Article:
In the face of the COVID-19 pandemic, the Warren Select Board is considering putting certain roadwork projects on hold. “We’re going to need to build in some resiliency in our budget,” said select board chair Andrew Cunningham at the board meeting on April 7.

Cunningham suggested that in order to maintain a financial reserve, the board should hold back on the request for proposal (RFP) for a paving project. An RFP is a business document that provides details about a specific project and solicits bids from contractors who will help complete it. Without the RFP, it’s likely that the paving project will be postponed.

The paving project includes fixing five segments of road on Roxbury Mountain Road as well as several segments on Plunkton Road. Technically, the town could take care of the labor part of these projects on its own. However, the town depends on the RFP to receive grant money for materials (rock, gravel, etc.), and without these materials the project cannot start.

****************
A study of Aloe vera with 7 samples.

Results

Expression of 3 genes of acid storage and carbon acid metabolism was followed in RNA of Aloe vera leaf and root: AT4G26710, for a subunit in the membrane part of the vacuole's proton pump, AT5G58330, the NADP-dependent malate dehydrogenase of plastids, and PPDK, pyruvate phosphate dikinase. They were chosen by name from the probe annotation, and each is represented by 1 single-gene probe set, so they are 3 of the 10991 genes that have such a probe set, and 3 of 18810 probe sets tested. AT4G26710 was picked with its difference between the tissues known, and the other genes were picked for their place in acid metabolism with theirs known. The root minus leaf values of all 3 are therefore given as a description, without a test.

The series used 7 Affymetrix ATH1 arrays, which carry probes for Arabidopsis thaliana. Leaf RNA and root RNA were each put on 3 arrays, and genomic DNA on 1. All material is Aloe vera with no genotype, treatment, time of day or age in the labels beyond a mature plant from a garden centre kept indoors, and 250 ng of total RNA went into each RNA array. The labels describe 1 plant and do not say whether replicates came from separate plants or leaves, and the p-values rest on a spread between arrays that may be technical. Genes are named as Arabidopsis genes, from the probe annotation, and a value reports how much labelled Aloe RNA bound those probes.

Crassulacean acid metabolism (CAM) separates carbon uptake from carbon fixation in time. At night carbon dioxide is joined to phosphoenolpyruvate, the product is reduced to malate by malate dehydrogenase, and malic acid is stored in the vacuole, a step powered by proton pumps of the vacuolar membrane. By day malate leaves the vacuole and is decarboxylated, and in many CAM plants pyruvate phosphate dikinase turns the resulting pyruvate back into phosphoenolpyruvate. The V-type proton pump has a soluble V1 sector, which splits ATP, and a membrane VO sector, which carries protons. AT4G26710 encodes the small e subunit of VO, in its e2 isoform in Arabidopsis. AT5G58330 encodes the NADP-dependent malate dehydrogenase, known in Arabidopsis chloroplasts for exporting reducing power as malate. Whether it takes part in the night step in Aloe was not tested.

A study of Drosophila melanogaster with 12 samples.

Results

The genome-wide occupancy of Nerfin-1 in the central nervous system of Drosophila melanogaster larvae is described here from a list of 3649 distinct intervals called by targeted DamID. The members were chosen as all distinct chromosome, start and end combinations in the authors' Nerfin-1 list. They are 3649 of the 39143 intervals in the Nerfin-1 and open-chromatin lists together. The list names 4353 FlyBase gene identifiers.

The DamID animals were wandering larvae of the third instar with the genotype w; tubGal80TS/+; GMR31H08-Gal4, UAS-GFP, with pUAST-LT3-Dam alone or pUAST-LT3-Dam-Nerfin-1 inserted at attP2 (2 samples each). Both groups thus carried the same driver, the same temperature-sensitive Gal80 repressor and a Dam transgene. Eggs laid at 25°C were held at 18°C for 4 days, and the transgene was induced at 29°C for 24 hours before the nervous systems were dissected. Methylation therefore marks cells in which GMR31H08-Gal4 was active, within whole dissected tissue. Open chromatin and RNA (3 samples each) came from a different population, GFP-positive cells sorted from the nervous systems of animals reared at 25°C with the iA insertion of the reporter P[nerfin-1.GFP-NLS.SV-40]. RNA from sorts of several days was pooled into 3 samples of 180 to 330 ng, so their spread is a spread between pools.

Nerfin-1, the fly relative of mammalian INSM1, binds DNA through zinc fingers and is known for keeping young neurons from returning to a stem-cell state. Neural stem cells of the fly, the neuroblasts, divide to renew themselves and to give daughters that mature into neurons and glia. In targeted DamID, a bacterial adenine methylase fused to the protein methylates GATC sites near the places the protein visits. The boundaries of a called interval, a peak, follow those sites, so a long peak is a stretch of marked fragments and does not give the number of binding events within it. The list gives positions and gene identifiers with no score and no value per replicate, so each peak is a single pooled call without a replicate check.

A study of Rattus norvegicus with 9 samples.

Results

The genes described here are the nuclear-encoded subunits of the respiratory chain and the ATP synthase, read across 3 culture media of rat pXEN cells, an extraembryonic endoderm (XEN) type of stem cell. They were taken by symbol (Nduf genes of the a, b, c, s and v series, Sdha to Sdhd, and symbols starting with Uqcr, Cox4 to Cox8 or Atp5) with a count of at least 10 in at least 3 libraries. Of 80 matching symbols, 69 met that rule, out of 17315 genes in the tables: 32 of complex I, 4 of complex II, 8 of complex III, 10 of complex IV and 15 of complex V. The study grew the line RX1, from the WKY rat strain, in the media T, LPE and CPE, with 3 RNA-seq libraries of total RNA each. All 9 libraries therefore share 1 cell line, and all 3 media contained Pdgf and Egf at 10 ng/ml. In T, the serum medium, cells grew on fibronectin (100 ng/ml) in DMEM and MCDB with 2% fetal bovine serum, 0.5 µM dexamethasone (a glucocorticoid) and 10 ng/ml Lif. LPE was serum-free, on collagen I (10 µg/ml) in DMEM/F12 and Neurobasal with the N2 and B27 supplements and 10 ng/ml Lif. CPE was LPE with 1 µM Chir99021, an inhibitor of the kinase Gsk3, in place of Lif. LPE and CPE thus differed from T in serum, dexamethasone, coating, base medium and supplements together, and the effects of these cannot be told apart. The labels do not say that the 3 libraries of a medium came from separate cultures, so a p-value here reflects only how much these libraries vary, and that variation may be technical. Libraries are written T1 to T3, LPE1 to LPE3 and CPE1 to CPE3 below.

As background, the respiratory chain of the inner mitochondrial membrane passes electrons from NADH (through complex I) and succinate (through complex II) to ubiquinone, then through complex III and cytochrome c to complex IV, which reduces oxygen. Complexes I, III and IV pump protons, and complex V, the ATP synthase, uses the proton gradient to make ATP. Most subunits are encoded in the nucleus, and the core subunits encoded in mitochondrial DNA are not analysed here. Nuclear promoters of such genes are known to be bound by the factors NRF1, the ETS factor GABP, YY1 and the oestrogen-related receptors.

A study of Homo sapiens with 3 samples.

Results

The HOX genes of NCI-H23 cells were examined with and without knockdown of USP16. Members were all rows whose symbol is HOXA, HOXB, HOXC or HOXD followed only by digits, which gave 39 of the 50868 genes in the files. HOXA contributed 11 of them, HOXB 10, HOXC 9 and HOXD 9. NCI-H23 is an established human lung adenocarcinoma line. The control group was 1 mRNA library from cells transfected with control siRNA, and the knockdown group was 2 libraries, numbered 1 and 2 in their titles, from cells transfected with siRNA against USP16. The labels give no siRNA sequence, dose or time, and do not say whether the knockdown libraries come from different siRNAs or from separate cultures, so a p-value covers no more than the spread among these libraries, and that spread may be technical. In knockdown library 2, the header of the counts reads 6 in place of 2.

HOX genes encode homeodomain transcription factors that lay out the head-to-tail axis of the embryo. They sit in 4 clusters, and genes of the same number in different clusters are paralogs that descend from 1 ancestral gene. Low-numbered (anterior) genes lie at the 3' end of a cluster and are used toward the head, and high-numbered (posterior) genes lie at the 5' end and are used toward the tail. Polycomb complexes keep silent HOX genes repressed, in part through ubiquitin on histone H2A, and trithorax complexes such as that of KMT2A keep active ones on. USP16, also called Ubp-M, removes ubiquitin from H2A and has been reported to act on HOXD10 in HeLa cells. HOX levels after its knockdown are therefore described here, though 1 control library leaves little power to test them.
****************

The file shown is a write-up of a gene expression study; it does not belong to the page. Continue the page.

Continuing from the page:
The decision to hold off on road maintenance projects isn’t one-sided, however. Vermont is also looking at a hold of grants at the state level. “Don’t be surprised if grant money that we thought we were awarded disappears,” said Cunningham, commenting on the fact that the pandemic has stalled the grant issuing process from both sides. According to select board member Bob Ackland, the state is already “$200 million in the hole because of this.”

While more grant-dependent road projects have potential to be stalled, for now Warren is simply holding back on one paving project. “That can be our first step in this direction and we can take more in the future if we need to,” said Cunningham.

Warren emergency management director Jeff Campbell gave the board an update on COVID-19 at the state and local level and reported that the Mad River Valley Community Fund is now working independently from The Mad River Valley Emergency Response Management Team.